Commercial squirrel repellents depend on scents and flavors repugnant to the pests. You can create your own homemade repellent using a similar method from nontoxic items in the home. Repellents do not prevent all squirrel problems, and some individual squirrels may still brave the area to feast on your flowers or chase off the birds from your feeder. Using the repellent with other tactics, such as exclusion and plant protections, can help minimize the squirrels in your yard.
Combine 1 teaspoon mild dish soap, one 5-ounce bottle of hot pepper sauce and 1 gallon of water in a large storage container. Stir the ingredients together until they are fully combined.
Pour the mixture into a spray bottle that hasn't previously held any harmful chemicals. Label the spray bottle with the contents.
Spray a thin layer of the pepper repellent on plants, bird feeders or in other areas where squirrels are a nuisance. Test the spray first to ensure it doesn't damage the plant or leave stains on outdoor surfaces. Reapply the spray every two or three days or after heavy rainfall.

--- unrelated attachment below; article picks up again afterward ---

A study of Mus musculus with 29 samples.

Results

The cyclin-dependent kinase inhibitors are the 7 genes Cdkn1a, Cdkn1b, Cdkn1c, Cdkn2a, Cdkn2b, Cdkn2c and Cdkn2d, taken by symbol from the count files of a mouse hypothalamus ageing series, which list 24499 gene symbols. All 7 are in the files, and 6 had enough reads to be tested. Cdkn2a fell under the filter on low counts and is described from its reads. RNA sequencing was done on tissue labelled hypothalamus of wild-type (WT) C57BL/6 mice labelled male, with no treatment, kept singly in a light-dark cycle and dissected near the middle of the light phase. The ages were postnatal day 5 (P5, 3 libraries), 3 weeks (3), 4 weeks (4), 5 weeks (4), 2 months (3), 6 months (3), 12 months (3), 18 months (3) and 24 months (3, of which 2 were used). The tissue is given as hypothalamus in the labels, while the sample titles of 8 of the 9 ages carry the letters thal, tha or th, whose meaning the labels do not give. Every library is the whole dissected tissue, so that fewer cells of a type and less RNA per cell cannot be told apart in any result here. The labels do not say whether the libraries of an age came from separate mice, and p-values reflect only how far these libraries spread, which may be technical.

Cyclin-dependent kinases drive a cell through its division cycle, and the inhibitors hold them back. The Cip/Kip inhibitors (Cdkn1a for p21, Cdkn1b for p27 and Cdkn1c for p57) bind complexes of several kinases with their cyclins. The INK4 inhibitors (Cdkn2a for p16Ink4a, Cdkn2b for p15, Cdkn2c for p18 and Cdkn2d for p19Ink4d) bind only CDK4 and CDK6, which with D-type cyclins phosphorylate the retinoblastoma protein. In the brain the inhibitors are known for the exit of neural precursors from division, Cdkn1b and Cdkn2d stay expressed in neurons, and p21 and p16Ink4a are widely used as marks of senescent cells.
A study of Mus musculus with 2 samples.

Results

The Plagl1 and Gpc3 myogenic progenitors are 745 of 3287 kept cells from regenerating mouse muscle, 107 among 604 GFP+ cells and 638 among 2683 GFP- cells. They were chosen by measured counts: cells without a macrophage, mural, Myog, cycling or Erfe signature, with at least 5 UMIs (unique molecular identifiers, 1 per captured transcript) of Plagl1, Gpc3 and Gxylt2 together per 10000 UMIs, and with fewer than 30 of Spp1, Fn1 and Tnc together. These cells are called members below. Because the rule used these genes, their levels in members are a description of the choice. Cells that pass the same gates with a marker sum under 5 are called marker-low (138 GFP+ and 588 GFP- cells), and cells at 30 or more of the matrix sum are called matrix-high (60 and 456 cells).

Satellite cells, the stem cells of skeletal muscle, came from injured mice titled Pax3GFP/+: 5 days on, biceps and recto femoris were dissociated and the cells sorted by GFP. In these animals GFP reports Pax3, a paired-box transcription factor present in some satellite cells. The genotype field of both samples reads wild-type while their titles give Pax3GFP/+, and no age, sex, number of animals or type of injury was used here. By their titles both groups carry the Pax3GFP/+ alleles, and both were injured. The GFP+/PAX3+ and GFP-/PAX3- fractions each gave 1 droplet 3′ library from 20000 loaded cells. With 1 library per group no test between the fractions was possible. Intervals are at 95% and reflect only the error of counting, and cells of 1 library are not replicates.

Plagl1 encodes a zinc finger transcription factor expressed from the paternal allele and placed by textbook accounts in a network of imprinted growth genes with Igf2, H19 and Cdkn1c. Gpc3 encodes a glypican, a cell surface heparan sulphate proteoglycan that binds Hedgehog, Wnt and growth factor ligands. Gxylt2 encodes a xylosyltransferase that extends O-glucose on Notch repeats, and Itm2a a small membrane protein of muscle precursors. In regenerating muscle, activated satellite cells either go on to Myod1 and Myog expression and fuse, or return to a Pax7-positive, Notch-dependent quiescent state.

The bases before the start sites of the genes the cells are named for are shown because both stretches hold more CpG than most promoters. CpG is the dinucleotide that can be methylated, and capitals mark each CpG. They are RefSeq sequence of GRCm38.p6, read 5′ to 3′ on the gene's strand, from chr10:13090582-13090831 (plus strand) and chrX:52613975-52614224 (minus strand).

Collect human hair or pet hair from your dog or cat, which carries the scent of these natural squirrel predators and may help repel them. Save the hair from haircuts or pet grooming until you collect enough hair to fill several bags.
Cut an 8- to 10-inch square from a piece of cheesecloth. Place a handful of hair in the center of the cheesecloth and gather up the edges of the cloth to enclose the hair. Tie a string around the gathered cloth to hold it closed, leaving a loop for hanging.
Hang the bags around garden beds, on fence posts or near bird feeders. Alternatively, set the bags on top the ground in areas where squirrels are digging. Replace the bags periodically as their effectiveness wanes.